My Mast has a tube with a slot running inside the mast. This is on a Pearson 33 circa 1970 & the mast is down. I want to run new wiring for the Spreader, Steaming, & Anchor Lights. I am being defeated by not being able to pull the wire from the combined Anchor & Spreader Light Bundle which is "hung" in the slotted tube. Is this bundle secured in some simple way? It appears to me that I have to remove the Mast Cap to find out what is going on. Stainless Steel Screws in 40 plus year old aluminum are effectively welded, so I would prefer not to drill out the screws.


Might not be too helpful since my Pearson is a 1984 and also has no internal slot for the wires. I wanted to replace just the spreader lights but discovered all the wires were wrapped together: masthead, steaming light and spreader lights AND the VHF antenna coax. I was going to replace the coax anyway so I ended up pulling the whole mess and now it's done I'm glad I did.

Could it be you're dealing with the same issue?

You have probably already thought of this but just in case, when you do pull the wires make sure you attach a heavy cord or something to pull in behind the old wires and use that to pull the new ones back up. I actually pulled three, one from the masthead, one from the spreader lights and one from the steaming light. Made the rewiring pretty easy.



No real way to tell what was attached, or stuck, where or how. Or if a PO did something. Heck, the wires could have been dabbed in glue before they were run, you just never know what a PO did. Or tied together, and "stuck" where the steaming light is split off and secured.

I'd hit the screws with PBlaster, give it a half hour and do it again. Then come back with an impact hammer (one of the manual ones) and see if they budge. If not, get a can of freeze spray and see if they like getting iced down. And of course, wear goggles before using the impact hammer, metal splinters in the eye are NOT fun.

Or you could just try cutting the wires at the steaming light and seeing if the rest will pull either way, but that leaves junk in the mast & the need to run new ones if the old ones won't get clear.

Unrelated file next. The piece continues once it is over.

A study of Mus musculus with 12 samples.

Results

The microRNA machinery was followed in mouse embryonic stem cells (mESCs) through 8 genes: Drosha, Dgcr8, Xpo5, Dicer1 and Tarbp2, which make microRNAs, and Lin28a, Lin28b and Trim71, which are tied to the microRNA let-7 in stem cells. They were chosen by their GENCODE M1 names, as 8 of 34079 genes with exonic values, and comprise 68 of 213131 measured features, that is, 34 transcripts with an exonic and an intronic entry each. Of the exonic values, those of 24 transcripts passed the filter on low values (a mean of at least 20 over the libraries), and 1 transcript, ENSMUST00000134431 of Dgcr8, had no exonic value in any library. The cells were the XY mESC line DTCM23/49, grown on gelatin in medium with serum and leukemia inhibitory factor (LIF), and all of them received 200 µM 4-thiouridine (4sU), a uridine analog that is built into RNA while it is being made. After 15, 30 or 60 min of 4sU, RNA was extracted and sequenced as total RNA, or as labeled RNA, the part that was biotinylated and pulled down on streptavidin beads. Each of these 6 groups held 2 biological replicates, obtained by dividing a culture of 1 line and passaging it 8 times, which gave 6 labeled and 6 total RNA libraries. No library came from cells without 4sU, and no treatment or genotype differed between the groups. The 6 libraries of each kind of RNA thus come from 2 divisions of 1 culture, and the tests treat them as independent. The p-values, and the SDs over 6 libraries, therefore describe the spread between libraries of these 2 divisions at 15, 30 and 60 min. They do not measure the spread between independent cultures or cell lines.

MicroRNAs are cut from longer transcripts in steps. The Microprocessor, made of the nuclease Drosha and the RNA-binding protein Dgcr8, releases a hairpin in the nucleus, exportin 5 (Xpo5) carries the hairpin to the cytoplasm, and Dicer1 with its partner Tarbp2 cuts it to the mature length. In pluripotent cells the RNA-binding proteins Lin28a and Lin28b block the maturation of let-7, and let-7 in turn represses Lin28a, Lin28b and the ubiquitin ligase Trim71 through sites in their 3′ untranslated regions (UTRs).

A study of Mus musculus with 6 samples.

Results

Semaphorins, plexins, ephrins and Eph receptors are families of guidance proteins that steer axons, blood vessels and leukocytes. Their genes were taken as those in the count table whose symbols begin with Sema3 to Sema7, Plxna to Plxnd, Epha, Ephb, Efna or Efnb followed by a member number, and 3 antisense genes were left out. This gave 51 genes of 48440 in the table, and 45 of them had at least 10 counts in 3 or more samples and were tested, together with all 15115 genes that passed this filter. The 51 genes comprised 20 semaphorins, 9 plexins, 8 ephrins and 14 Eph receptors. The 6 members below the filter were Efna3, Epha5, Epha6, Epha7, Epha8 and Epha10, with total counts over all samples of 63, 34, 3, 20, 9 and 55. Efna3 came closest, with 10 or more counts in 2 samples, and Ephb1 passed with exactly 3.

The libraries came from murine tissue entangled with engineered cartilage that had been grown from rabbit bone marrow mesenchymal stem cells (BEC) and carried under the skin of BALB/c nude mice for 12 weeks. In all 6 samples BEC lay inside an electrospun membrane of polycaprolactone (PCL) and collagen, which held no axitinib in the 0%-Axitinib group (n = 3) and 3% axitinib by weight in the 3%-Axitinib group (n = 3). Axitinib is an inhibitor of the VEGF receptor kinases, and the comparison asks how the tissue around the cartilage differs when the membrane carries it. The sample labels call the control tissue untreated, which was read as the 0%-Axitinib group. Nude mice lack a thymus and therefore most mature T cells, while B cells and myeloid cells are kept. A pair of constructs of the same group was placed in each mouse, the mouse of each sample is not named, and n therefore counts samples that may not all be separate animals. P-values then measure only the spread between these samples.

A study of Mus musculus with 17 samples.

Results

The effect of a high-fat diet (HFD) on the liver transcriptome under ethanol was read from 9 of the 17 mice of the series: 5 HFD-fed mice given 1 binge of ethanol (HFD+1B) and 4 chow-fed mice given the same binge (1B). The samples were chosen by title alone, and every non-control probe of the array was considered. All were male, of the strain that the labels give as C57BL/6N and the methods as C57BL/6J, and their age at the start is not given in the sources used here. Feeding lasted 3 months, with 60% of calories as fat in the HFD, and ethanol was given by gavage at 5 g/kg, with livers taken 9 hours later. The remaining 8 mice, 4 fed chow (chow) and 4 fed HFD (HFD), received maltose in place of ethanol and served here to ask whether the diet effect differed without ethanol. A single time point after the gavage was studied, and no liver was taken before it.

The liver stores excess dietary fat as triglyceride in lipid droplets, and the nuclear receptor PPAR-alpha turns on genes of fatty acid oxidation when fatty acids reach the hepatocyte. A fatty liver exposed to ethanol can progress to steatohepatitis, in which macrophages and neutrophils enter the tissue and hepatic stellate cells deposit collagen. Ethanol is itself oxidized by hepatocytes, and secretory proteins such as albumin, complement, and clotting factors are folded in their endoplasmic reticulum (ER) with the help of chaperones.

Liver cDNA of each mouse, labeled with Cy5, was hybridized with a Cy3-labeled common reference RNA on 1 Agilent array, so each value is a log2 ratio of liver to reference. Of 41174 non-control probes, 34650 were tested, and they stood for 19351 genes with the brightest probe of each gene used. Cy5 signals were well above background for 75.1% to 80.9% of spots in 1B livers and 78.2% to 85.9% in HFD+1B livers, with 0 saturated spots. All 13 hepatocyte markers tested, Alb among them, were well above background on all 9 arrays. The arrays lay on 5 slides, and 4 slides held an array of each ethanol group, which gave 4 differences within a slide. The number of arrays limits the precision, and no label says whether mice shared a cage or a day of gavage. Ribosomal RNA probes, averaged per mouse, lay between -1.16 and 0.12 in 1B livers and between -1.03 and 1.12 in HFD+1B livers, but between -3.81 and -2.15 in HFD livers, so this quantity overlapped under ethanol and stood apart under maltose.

PB Blaster + Heat. I bet you can get them out. Are they slotted? (of course they are)
S/V Gudgeon

I just replaced two cracked chain plates. I agree PB Blaster is great but even with blaster and the longest socket wrench I had, we couldn't budge those nuts. Depressing.

When some people are depressed they buy a new outfit or shoes or some such. When I'm depressed, I buy a new tool. 😎

I bought a 20 v Porter Wagner Li battery impact driver. Put a socket on it and the nuts came flying off. The guy helping me and myself had eyes as big as platters. What we were trying to do for 2 days took less than 10 minutes.
Sure helped my depression!!!

Just be sure the sockets and drivers are the right size or you will spend forever with a set of EZ Outs.

I'm using it now to assemble a set of patio furniture with 3 zillion nuts and bolts.

What was really surprising was how tiny the little rascal is


ps: first thing I had done to my boat after purchasing was to have the mast pulled and rewired. Turns out there were two wiring conduits and NEITHER was being used. Drove me nuts at night.

It cost me a bundle due to yard fees but some of the best money I spent.


Greetings and welcome aboard the CF, Barnegut.

Gord May
"If you didn't have the time or money to do it right in the first place, when will you get the time/$ to fix it?"